A bowl of canh chua ca (sour fish soup)
Ever seen construction workers drinking hot tea in the blazing early-afternoon sun? Ever seen office workers hunkering down to piping hot bowls of soup in the midday heat?
They do it because hot liquids actually help cool the body. Drinking beverages that are too cold can confuse the body into thinking it is cold, and often slows its reaction to the heat, whereas hot soups and teas have the opposite effect.
Canh chua is one of Vietnam’s most famous dishes and is especially good on hot summer days.
People from different regions in Vietnam cook canh chua with different local vegetables, fruits, and other ingredients. As canh chua blends a natural fresh sour taste with the vegetables and fruits in the soup, it goes very well with steamed rice, a staple on the Vietnamese table.
On hot summer days, people tend to have smaller appetites and often forgo steamed rice. With the addition of canh chua’s refreshing and cool flavors, however, it becomes easier to have one or two bowls of steamed rice with lunch or dinner.
Canh chua is a nice combination of vegetables, fish, pork, or snails, along with a vegetable or fruit to produce the soup’s sour taste.
Northerners typically cook canh chua with tamarind leaves, qua sau (Dracontomelom a sour summer fruit in the north of Vietnam), pickles, green mangoes, qua doc (another sour fruit), tomatoes, and lemon or kum quat. Variations include canh chua sau thit nac (sau fruit cooked with ground pork and shallots), canh chua rau muong (boiled morning glory with lemon juice, boiled sau fruit, or boiled tamarind leaves) and canh chua ca (fish soup cooked with green mangoes and shallots).
In the South, tamarind fruit and pineapple are the favored ingredients. Canh chua ca loc (canh chua with snakehead fish) with pineapple is one of the most popular variations, and uses many local ingredients from the rich Mekong Delta.
Yet northern and southern takes on canh chua fall into two basic categories. The first one is very simple and merely requires morning glory leaves, which are boiled either with tamarind leaves or qua sau. It takes a very short time (around 10 minutes) to make this dish.
For this canh chua style, one would boil 4 or 5 little qua sau fruits together with the morning glory. After that the cook uses a small spoon to grind the boiled qua sau in a small bowl of nuoc mam to make the soup’s flavoring sauce.
Two boiled qua sau are then ground and added to the soup, which gives a very fresh sour taste that rises in perfect contrast to hearty and fragrant white rice. Fresh boiled vegetables and sour soup served with rice is considered an essential summer dish in Vietnam.
If one uses tamarind leaves for cooking, adding the tamarind only after removing the boiled morning glory will help preserve the morning glory’s deep green hue.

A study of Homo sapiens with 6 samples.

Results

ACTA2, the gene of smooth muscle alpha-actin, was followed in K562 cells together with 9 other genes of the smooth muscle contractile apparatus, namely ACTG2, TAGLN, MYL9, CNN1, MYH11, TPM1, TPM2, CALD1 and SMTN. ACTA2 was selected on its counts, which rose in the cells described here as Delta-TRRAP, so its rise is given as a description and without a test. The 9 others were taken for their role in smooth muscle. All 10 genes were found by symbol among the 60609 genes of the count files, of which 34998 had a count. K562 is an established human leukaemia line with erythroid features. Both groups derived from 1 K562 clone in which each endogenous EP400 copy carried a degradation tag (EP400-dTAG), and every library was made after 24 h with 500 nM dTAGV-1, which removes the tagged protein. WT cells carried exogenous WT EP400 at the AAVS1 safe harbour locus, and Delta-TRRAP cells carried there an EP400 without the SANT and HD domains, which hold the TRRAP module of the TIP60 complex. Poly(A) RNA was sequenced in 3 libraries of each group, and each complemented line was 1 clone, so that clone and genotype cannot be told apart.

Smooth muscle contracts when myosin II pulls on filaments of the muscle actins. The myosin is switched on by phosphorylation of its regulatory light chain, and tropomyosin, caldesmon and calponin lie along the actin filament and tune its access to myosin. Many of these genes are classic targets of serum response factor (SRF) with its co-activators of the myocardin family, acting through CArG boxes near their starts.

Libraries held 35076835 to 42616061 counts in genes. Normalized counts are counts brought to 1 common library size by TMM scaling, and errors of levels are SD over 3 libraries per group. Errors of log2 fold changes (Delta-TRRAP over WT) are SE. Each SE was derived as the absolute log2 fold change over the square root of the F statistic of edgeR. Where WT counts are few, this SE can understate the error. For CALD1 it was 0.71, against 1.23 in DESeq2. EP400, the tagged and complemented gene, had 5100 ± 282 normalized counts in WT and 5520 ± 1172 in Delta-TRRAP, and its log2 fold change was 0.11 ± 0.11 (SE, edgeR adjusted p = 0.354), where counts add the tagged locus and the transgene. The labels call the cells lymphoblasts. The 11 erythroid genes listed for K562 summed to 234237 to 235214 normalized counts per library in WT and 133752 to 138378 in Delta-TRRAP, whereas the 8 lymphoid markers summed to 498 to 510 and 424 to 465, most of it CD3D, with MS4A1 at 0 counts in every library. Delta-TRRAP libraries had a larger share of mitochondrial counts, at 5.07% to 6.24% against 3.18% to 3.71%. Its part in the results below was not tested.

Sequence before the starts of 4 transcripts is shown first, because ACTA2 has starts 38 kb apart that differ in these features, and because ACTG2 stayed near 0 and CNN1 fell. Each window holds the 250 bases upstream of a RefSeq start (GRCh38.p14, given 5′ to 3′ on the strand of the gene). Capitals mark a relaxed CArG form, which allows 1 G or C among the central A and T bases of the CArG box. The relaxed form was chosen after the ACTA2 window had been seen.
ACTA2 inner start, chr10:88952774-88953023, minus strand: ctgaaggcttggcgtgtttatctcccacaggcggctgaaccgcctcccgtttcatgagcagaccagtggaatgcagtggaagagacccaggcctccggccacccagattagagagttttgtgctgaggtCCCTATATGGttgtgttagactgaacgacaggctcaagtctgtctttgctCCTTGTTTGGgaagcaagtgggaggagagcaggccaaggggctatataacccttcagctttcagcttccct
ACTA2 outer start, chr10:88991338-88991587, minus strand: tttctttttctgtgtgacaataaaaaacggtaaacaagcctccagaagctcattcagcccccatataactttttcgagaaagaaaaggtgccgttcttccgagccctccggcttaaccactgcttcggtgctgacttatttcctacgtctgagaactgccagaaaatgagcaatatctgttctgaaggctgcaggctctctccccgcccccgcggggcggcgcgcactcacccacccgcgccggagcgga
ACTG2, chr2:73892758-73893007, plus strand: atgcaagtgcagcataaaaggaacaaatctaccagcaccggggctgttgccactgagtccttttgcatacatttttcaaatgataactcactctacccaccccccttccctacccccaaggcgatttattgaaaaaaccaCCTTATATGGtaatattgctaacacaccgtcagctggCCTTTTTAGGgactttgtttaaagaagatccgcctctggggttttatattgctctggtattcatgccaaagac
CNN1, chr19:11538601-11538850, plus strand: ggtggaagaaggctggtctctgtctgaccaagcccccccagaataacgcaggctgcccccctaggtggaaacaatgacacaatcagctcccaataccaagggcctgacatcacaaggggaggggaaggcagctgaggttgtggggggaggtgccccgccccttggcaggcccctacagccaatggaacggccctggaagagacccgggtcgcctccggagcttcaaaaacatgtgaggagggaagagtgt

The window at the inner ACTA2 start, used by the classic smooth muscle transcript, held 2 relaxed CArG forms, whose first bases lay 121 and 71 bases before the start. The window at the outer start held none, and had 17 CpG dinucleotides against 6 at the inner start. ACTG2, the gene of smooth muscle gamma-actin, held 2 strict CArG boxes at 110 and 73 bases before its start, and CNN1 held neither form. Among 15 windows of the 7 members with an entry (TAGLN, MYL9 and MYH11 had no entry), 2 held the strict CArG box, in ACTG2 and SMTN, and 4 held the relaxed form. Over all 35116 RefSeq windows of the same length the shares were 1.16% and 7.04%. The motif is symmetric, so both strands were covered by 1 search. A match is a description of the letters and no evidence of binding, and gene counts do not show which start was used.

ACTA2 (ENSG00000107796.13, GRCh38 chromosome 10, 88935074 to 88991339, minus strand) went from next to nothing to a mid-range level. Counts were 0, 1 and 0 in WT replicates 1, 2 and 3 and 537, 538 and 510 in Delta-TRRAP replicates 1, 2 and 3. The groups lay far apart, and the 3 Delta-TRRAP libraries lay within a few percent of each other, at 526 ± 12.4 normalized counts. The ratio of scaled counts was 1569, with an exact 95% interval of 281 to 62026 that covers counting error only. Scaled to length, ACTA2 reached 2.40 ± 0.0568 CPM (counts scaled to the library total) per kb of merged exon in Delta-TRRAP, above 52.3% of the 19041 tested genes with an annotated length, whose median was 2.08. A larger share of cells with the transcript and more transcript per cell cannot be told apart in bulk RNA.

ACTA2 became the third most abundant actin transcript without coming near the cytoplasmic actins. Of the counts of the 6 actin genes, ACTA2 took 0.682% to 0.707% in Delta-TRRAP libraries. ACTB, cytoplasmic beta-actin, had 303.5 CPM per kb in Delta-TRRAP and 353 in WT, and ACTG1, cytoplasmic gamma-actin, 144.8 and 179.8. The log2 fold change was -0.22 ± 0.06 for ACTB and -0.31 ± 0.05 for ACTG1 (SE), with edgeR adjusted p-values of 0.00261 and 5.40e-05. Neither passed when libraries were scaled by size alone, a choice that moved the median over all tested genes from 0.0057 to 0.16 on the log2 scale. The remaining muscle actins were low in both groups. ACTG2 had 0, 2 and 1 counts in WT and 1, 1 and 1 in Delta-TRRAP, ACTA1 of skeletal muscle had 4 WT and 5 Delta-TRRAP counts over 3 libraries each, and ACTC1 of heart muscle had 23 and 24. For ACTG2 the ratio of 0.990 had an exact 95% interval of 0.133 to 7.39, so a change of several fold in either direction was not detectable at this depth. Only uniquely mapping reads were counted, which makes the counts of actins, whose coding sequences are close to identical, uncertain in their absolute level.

“On a hot summer day, I don’t sell many other vegetables beyond morning glory, qua sau, tamarind leaves and fruit, and lemon,” said Ms. Tuoi, a vegetable vendor on Phan Huy Chu Street in Hanoi’s Hoan Kiem District. “These ingredients are for canh chua, and I sell a lot of them.”
Another version of canh chua is more time consuming to make. There are three basic ingredients to prepare: a protein such as fish, pork, or snails; one or more vegetables; and a fruit for its citric acid. This fruit can be pineapple, green mangoes and tamarind leave and fruit. Add fried shallots, spring onions, and other herbs, and one will have a delicious canh chua.
Canh sau chua suon (qua sau and pork ribs) is a very popular dish in Hanoi. In the past, a lunch consisting of only one dish such as canh sau chua suon was a good option for a busy mother.
With this dish, all one has to do is cook a pork chop with a bit of salt and fish sauce and then add some qua sau and water to the mixture. When the dish is cooked one uses a spoon to grind qua sau and then add it again to the pot with some shallots.
Canh chua ca (sour fish soup) is a popular dish in both the north and south of Vietnam. In the north, people like to marinate the food before cooking. A cook will usually fry the fish a bit before boiling with water to make the soup. By frying the fish it’s possible to keep the shape of it after cooking with water and decrease the fishy smell of the fish.
In the south, canh chua ca loc (canh chua with snakehead fish) is a very rich dish. It’s cooked with pineapple, tomatoes and a bit of vinegar, as well as shallots and other herbs such as ngo, which are all added after the fish is cooked to preserve the fresh taste of the ingredients. After the soup is cooked, fried shallots will be sprinkled atop the soup, to add more fragrance to the dish.
Canh chua is a simple but fresh and easy to cook dish which provides a lot of vitamins to provide relief from the heat.